I knew the wood as a child, when it was on farmland, long before the then Bristol Poly (now UWE) started building there and the MOD stuck itself on top of the coal tip. Some years ago we went back there to find it sandwiched between the latter and the Hewlett Packard site, and as we were leaving, we saw a roe deer leaping through its understorey. That was the miracle, and, in due course, the poem. I knew I couldn't expect any more of it.
Except that walking into it took us from this ...
... to this. A balm for the eyes and the spirit. We might have been in the Forest of Arden.
I've been a bit sniffy in the past about the wood, and how it has a Committee of Friends and a Downloadable Management Plan, but the hard work has really paid off.
It made me wish that the same could be put in place for the little bramble-choked wood that leads down to Charlton Common, itself situated hard up against an industrial site.
The weirdest thing about Splatts Abbey Wood is when the path takes you abruptly to the MOD itself.
This is where we turned and retraced our steps.
A coppiced hazel and a holly tree
The last of the wood anemones, yellow archangel and bluebells, and poppies in April on the walk back to the car
... or marauding on the golf course itself.
With a change to cloudier, cooler weather, the sunsets have been less frequent but more interesting.
We've found more magnificent oak trees ...
... and lots of venerable ashes.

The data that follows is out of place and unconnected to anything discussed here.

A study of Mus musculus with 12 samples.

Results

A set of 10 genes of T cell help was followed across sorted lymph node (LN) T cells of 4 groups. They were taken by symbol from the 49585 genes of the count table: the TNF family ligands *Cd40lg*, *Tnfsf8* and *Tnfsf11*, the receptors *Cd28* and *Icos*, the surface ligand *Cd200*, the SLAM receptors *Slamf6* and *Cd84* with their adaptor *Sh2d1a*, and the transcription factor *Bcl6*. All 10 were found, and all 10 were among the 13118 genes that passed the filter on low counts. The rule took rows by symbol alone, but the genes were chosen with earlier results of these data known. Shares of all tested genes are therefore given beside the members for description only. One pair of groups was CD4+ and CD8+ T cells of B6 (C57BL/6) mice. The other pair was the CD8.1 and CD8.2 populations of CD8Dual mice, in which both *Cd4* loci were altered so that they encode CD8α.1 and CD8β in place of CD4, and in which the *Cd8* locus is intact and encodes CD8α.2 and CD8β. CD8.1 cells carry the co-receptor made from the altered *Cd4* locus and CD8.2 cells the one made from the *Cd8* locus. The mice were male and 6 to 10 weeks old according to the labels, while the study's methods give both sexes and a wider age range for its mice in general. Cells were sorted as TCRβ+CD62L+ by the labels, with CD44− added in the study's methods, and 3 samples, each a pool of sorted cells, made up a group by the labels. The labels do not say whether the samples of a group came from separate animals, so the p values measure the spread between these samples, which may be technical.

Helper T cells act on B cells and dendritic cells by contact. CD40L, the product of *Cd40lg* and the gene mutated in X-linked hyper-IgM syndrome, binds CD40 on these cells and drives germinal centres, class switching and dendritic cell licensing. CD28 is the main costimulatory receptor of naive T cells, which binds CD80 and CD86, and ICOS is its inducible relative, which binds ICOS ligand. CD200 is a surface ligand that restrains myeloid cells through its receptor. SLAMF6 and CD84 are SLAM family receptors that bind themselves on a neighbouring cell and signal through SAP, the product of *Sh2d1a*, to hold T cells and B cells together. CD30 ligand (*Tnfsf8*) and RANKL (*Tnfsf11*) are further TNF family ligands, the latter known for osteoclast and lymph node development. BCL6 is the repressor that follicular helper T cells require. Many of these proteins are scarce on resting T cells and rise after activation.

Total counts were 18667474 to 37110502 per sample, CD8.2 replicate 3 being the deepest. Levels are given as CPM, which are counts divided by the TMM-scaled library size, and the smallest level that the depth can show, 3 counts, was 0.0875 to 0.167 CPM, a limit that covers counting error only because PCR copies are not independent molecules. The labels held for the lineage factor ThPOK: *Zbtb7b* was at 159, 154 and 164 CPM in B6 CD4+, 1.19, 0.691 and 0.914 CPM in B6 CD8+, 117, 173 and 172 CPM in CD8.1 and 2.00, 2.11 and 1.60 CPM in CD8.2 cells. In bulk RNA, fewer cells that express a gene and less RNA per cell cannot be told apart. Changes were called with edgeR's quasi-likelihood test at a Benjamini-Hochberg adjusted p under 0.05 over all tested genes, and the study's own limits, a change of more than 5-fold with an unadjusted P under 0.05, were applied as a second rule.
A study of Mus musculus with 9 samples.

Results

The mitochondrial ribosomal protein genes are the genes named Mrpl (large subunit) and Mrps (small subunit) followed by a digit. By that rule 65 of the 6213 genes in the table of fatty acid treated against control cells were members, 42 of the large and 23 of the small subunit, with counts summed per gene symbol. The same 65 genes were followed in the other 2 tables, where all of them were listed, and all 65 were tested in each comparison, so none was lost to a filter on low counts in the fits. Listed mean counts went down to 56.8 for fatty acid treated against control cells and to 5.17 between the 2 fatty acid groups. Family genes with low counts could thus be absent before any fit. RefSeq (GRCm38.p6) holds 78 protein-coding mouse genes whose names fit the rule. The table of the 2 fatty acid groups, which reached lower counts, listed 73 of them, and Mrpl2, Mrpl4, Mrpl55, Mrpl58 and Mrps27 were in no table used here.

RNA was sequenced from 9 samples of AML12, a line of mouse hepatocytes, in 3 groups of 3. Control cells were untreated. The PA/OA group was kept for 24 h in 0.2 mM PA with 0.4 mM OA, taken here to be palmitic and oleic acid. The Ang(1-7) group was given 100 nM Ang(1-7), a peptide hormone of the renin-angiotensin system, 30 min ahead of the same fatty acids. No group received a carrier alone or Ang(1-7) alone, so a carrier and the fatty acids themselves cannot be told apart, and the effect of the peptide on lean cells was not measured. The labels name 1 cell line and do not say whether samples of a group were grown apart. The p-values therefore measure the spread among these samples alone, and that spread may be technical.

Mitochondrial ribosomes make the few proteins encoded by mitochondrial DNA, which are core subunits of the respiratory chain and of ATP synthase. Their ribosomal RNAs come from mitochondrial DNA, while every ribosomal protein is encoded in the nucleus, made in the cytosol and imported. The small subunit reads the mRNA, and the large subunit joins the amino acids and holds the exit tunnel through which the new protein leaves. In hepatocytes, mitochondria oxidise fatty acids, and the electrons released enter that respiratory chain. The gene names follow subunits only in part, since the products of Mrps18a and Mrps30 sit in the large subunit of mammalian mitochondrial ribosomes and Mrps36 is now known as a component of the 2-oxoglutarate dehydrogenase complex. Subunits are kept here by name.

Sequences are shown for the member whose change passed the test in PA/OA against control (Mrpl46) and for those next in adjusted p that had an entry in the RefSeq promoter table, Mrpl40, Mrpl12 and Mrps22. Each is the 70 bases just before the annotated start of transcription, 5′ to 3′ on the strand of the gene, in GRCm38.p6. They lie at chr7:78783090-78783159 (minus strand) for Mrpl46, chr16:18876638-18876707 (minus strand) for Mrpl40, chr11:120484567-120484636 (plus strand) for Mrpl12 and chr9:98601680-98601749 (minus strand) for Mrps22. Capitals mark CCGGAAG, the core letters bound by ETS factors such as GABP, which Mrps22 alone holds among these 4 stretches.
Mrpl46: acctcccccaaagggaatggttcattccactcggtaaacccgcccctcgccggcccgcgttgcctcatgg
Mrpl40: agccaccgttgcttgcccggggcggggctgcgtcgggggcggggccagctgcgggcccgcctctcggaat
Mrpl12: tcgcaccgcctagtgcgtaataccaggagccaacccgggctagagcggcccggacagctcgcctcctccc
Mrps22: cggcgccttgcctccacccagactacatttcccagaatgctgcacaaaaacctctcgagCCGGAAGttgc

We thought the one in this photo was dead, but it just turned out to be late in the better sense. We've called it Gordon, because Gordon's alive.
But the most amazing of all the trees have been the whitethorns. There are whole hedges of them, the scent of which is extraordinary ...
... and also some isolated ones, dotted about on the kempt lawns of the fairway and looking as out of place as Granny Weatherwax at a Royal garden party.
Because it's been warm and sunny for much of the month, I've seen them blossoming alongside early elder flowers for the first time and it's amazing how much creamier the elder blossom is.
Though what I love best is when they're blossoming but still holding onto last year's berries. A tree for all seasons.
Even when there haven't been sunsets, the sky has often done interesting things ...
... and the wildlife hasn't let us down either. Aside from the foxes, we've seen an early arriving swift - always a hopeful moment, even during a pandemic ...
... and this very loud robin that had the decency to stay still long enough to be photographed.
Also staying quite perfectly still against the wind was this kestrel, which we watched for at least quarter of an hour, as it hovered and wheeled away and hovered again, clearly after something it could spot in the scrubby grass on the edge of a bramble patch.
The Northerner mistook the name of these flowers - Lady's Smock, now covering the rough field beyond the golf course - for Raven's Snot. We think it's probably a better, more descriptive name.